May 30, 1989 (a Tuesday)

Goddess of Democracy

On this date, dissident Chinese art students finished setting up a large, 10-meter-tall (33 ft) sculpture called the “Goddess of Democracy” (民主女神) in Tiananmen Square in Beijing. Modeled after the Statue of Liberty, it became one of the enduring symbols of the protest.

The art students who created the statue wrote a declaration that said in part:

At this grim moment, what we need most is to remain calm and united in a single purpose. We need a powerful cementing force to strengthen our resolve: That is the Goddess of Democracy. Democracy…You are the symbol of every student in the Square, of the hearts of millions of people. …Today, here in the People’s Square, the people’s Goddess stands tall and announces to the whole world: A consciousness of democracy has awakened among the Chinese people! The new era has begun! …The statue of the Goddess of Democracy is made of plaster, and of course cannot stand here forever. But as the symbol of the people’s hearts, she is divine and inviolate. Let those who would sully her beware: the people will not permit this! …On the day when real democracy and freedom come to China, we must erect another Goddess of Democracy here in the Square, monumental, towering, and permanent. We have strong faith that that day will come at last. We have still another hope: Chinese people, arise! Erect the statue of the Goddess of Democracy in your millions of hearts! Long live the people! Long live freedom! Long live democracy!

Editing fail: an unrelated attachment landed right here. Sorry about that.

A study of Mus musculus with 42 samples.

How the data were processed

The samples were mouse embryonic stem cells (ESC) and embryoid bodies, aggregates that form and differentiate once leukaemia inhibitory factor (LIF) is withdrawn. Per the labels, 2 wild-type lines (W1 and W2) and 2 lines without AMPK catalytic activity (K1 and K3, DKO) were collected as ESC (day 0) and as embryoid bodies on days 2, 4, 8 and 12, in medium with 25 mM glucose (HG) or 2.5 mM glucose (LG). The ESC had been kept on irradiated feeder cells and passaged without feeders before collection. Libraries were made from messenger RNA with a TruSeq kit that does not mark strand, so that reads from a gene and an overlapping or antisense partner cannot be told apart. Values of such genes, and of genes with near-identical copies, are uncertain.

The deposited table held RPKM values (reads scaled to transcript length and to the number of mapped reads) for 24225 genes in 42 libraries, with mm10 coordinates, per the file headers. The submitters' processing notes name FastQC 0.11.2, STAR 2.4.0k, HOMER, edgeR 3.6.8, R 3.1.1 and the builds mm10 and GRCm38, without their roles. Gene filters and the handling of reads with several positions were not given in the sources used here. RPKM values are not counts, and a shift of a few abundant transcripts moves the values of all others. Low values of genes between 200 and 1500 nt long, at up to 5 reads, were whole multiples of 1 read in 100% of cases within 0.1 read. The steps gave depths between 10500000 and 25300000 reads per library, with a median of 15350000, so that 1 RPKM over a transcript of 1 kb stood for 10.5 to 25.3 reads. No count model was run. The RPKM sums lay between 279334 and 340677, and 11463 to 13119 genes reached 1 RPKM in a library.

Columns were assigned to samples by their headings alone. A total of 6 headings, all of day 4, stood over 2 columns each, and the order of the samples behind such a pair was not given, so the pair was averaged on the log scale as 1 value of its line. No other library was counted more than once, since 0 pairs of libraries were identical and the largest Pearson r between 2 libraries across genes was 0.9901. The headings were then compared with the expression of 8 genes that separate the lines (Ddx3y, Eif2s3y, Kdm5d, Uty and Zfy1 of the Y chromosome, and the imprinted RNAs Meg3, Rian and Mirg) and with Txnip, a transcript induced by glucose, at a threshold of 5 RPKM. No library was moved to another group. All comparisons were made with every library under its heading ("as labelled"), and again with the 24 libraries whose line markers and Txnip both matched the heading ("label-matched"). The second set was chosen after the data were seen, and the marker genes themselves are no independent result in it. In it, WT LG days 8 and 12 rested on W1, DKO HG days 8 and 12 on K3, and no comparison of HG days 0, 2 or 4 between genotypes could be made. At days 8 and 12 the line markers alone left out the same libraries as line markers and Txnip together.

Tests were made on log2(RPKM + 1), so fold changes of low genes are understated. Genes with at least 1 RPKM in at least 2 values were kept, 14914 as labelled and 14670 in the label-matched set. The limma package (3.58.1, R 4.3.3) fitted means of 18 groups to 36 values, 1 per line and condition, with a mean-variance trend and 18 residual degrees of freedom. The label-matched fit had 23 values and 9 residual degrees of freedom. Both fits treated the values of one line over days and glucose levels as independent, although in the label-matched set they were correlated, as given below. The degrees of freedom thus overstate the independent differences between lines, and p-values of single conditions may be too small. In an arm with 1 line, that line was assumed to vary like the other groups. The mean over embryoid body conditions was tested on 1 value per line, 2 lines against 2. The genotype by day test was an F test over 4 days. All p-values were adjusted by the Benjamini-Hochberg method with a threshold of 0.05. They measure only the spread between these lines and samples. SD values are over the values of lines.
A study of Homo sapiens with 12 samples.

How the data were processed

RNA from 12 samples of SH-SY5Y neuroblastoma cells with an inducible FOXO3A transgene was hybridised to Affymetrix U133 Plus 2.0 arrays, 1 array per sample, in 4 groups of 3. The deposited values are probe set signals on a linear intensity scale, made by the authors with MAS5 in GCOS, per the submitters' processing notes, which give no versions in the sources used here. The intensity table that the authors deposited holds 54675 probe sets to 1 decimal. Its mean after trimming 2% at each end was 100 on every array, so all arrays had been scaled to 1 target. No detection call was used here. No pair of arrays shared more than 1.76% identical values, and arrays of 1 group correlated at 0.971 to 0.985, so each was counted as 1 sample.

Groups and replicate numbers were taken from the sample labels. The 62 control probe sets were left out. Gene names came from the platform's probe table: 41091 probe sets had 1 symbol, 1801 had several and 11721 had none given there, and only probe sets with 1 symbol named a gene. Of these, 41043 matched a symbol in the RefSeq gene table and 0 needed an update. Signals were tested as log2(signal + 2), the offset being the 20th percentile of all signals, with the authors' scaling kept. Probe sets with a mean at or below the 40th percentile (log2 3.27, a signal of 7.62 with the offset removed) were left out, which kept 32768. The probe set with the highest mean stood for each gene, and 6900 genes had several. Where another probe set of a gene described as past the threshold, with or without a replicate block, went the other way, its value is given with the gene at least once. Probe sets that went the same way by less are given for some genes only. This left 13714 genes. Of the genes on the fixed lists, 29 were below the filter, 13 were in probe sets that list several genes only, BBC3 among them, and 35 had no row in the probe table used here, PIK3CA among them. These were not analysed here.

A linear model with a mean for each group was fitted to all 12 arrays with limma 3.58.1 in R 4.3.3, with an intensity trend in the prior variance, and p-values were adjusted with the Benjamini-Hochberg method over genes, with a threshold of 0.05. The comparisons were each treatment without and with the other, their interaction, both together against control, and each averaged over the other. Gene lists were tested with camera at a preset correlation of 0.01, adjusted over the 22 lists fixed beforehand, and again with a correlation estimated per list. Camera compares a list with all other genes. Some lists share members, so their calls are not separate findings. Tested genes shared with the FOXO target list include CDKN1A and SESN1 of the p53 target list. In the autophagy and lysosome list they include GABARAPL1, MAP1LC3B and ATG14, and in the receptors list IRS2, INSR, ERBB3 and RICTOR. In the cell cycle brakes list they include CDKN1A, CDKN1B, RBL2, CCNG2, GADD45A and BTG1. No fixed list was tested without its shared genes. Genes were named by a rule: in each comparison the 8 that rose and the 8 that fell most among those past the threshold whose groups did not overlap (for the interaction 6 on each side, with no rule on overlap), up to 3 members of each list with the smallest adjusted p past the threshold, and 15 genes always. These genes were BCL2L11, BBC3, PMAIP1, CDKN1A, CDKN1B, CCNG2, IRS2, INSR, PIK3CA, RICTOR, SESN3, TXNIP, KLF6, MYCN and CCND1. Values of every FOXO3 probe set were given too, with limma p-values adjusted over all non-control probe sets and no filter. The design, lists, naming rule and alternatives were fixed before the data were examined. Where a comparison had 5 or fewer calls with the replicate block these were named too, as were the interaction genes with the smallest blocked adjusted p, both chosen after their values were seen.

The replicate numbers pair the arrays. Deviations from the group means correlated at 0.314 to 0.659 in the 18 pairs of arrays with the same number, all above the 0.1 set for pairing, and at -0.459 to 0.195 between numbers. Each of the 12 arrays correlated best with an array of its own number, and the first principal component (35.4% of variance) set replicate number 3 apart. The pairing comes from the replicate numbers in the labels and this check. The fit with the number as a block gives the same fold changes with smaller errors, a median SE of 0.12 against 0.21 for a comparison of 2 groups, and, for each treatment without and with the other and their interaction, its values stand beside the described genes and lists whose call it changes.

Protesters surrounding the sculpture of the Goddess of Democracy in Tiananmen Square, Beijing, May 30, 1989.

The document was signed by the eight art academies that sponsored the creation of the statue: The Central Academies of Fine Arts, Arts and Crafts, Drama, and Music; the Beijing Film Academy; the Beijing Dance Academy; the Academy of Chines Local Stage Arts; and the Academy of Traditional Music.

Photo from May 30, 1989; a student from an art institute plasters the neck of the Goddess of Democracy

The Goddess of Democracy had stood for only five days before being destroyed by soldiers of the People’s Liberation Army in the assault on Tiananmen that would end the Democracy Movement. Nevertheless, the original statue has become an icon of liberty and a symbol of the free speech and democracy movements.